Tuesday, November 22, 2016

Cultural Masculinity/Femininity

Masculinity and femininity are social constructs that vary culture to culture. Dutch social psychologist Gerard Hendrik Hofstede is popularly known for his comparison of cultures based on several values, including power distance, individualism versus collectivism, masculinity versus femininity, uncertainty avoidance index, long-term orientation versus short-term orientation, and indulgence versus restraint. A quick break-down of each follows:

-Power distance index: the extent to which the less powerful members of organizations and institutions (like the family) accept and expect that power is distributed unequally

-Individualism vs. collectivism : degree to which people in a society are integrated into groups

-Masculinity vs. femininity: a preference in society for achievement, heroism, assertiveness and material rewards for success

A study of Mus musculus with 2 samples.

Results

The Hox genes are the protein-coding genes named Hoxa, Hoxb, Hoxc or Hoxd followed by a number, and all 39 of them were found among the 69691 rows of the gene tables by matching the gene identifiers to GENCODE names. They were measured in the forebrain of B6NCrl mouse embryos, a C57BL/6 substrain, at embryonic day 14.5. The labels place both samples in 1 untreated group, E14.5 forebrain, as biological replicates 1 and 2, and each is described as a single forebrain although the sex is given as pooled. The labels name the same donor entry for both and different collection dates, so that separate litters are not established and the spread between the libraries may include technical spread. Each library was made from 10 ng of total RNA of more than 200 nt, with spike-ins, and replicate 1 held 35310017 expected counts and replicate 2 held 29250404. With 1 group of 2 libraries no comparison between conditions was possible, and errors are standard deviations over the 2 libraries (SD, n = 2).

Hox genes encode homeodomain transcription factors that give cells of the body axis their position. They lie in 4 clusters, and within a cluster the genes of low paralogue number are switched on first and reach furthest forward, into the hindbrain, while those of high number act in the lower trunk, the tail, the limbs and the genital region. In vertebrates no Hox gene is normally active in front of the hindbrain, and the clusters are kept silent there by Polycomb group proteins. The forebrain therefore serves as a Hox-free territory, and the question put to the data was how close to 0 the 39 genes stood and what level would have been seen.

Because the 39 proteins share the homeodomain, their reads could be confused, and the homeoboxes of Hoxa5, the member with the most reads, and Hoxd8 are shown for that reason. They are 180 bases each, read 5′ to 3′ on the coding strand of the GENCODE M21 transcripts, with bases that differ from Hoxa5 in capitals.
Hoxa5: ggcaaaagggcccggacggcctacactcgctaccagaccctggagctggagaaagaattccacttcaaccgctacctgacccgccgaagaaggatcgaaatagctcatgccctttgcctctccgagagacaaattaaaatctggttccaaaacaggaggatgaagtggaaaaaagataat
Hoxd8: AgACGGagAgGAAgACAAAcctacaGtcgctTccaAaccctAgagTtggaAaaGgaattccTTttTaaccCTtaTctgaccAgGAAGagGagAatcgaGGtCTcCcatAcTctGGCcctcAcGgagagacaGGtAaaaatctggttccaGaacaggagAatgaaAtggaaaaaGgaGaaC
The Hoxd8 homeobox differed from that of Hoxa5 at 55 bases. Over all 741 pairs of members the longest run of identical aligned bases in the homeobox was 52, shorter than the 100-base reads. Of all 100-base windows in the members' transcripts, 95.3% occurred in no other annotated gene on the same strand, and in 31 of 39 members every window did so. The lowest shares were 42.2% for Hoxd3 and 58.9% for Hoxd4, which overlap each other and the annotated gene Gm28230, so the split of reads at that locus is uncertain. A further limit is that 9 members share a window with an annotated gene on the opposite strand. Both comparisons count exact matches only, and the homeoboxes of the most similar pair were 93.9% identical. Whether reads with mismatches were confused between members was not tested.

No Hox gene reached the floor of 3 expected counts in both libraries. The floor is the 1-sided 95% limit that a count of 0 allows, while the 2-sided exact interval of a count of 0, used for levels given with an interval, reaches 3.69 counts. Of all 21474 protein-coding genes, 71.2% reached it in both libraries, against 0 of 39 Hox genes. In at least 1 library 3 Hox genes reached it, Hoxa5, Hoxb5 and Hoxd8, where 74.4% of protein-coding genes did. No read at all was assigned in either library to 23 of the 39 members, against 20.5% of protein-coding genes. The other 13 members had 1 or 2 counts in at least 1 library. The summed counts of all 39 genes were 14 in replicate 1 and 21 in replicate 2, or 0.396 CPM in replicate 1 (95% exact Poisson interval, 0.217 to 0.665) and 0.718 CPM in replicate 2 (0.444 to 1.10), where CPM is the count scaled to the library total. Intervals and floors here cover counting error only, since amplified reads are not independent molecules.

-Uncertainty avoidance index: a society's tolerance for ambiguity

- Long-term orientation vs. short-term orientation: he connection of the past with the current and future actions/challenges

- Indulgence vs. restraint : a society that allows relatively free gratification of basic and natural human desires related to enjoying life and having fun

According to the Hofstede scale, the United states value for the masculinity dimension is 62 (on a 0-120 range). The highest ranking on the masculinity dimension is Japan at 95 and the lowest being Sweden at 5.

THIS LINK allows viewers to compare countries on all dimensions of the scale.

Seeing how the numbers compare country to country allowed me to make since of certain demographics of countries. For example, Japan’s high suicide rate is likely related to their high value of masculinity and competition. Sweden on the other is classified as having a feminine society, but the lowered pressure of competition and the acceptance of compromise, makes for a lowered suicide rate. See Clearly Cultural: Masculinity for more.